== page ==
Book Review: You've Never Weird on the Internet (almost) by Felicia Day
I am a fan of Felicia Day’s so it is not difficult for me to love her memoir. Her writing style is similar to how she presents herself in interviews and online; she’s conversational and self-deprecating. Definitely a quick read here.
While she does cover her homeschooled childhood & teen years, her college experience of having her mom drive her to UT Austin, and young adult dreams of being discovered in Hollywood, it’s her essence of geek that ties this book together.
Her love of computers, technology, games, and the internet is a recurring theme. Reading about her first experiences with using a dial-up modem and meeting people in chat rooms had me laughing, sometimes out loud.
When her Ultima fan group Ultima Dragons decided to meet in real life, her characterization of those events had me in stitches. Her mom is hilarious; she doesn’t mean to be, but nevertheless, in that story she steals the limelight. Fun tidbit I learned: Day chose the online name Codex Dragon for participating in these message boards. I see where she’s going…
I knew that Day had a double major in college, but I didn’t know it was in math and violin, or that she maintained a 4.0 GPA. Her reflections on what she sacrificed and how much she pushed herself to keep that “perfect score” on her record really touched me. As a teacher, I see students exacting near impossible standards on themselves, and it’s nearly impossible to persuade them to give themselves a break. When a professor tried to talk to Day, her reaction was to just dig her heels in deeper.
My favorite chapters involve Day explaining the origin and development of The Guild. She begins with describing how hooked on World of Warcraft she was; her absolute love for the game is obvious. She decides to quit gaming cold turkey and joins a women’s support group. They meet for one year to encourage each other with personal and career goals. Even though Day didn’t work toward much of anything during the majority of the year, she finally decides to write a pilot episode for her idea for a tv show. She cranks out the first episode of The Guild in the last few weeks of the year.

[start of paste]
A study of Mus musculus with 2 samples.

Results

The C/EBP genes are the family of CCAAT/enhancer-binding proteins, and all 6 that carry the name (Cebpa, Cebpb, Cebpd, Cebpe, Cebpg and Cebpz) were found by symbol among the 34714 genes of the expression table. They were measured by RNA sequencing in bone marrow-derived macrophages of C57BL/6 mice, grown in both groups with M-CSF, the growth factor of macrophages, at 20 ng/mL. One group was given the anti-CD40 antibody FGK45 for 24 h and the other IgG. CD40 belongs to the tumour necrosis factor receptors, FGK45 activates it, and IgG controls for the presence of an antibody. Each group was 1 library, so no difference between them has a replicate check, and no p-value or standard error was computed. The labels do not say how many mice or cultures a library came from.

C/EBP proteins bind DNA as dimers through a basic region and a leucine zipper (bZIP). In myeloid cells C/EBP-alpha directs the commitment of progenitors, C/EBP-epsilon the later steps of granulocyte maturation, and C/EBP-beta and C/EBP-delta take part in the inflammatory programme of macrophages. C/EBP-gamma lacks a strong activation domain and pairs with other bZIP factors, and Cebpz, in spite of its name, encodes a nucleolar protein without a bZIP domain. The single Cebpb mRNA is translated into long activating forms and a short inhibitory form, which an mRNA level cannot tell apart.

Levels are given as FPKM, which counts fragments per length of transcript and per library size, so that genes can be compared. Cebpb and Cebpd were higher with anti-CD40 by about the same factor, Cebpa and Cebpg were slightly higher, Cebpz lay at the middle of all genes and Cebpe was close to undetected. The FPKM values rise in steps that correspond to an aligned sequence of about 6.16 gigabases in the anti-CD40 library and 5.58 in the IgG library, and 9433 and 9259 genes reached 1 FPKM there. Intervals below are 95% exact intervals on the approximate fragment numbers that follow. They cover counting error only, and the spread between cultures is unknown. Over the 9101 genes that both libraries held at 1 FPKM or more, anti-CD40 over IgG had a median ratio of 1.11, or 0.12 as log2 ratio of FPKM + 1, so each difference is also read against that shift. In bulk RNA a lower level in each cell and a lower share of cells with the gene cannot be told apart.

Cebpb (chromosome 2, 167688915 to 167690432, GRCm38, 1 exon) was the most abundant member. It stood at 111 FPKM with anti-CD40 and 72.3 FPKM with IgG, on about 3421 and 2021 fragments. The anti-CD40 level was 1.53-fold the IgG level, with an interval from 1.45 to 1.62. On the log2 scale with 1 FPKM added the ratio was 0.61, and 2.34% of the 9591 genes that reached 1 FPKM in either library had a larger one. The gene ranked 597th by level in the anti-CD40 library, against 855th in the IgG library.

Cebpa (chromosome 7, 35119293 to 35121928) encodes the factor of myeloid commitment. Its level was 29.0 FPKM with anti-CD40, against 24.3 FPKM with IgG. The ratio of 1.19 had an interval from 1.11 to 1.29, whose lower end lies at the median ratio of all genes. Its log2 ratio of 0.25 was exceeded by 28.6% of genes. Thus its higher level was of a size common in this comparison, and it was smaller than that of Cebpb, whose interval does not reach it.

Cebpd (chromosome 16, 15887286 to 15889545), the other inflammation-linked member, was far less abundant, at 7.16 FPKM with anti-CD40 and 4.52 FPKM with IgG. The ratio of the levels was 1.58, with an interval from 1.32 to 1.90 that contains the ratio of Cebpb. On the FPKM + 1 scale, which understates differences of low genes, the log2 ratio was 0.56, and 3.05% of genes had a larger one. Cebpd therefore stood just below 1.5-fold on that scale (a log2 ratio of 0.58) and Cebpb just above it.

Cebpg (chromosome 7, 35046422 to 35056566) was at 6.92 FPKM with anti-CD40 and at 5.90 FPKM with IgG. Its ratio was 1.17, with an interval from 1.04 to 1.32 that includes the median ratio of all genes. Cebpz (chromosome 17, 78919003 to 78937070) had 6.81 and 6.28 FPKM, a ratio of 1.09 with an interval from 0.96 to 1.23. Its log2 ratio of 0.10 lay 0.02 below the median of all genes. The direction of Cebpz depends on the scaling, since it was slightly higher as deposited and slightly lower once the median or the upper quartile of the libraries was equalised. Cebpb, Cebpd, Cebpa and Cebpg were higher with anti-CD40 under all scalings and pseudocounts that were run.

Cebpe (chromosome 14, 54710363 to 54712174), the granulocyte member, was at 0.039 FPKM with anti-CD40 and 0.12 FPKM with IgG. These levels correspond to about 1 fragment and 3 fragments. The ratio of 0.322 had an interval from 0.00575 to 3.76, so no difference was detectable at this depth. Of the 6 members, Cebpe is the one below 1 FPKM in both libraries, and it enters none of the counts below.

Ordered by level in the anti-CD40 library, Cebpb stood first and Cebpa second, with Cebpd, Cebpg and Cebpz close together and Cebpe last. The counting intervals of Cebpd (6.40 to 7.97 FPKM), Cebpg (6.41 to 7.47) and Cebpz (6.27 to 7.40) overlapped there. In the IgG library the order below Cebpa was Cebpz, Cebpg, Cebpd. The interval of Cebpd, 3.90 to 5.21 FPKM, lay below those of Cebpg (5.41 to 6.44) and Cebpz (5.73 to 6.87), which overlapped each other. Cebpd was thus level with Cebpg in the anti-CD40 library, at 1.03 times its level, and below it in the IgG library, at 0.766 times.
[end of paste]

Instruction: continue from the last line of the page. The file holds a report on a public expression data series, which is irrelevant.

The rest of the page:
Throughout the book, Day includes excerpts from her childhood diary, poems, photographs, and memes that she created specifically for the book. Pictures of the various fashion mistakes over the years are completely relatable.
But it’s the pictures of some of the scenes in the first episodes of The Guild that were cracking me up. Day describes combing through garbage bins for anything that she thought might be a good prop. She relates how she would check freecycle.com to see if anyone had posted anything of interest and then drive across town, in LA, to procure the necessary items for the perfect atmosphere.
She spends time relating how and why she began her YouTube channel Geek & Sundry. The stress of creating and producing the content for that channel blew me away. In 2012, they had more than 420 videos with more than sixty-two hours of content with eight people on staff. Those numbers give me pause.
I can understand her relief when YouTube decided not to renew their two-year contract. Day was free to sell her channel to whomever she liked and restructure her life. And she explains how, thanks to her life-long perfectionism, she clearly needed to restructure things. Her regret about pushing herself too hard comes through in the last chapters where she shares how she lost friendships and suffered health consequences. These chapters very much ring of Day trying to say “Do as I say; not as I do.”
If you’re a fan of Felicia Day’s, you will probably love her memoir. If you don’t know who Felicia Day is, there's a strong chance you may still enjoy this book; vicariously living a geek’s life through Day.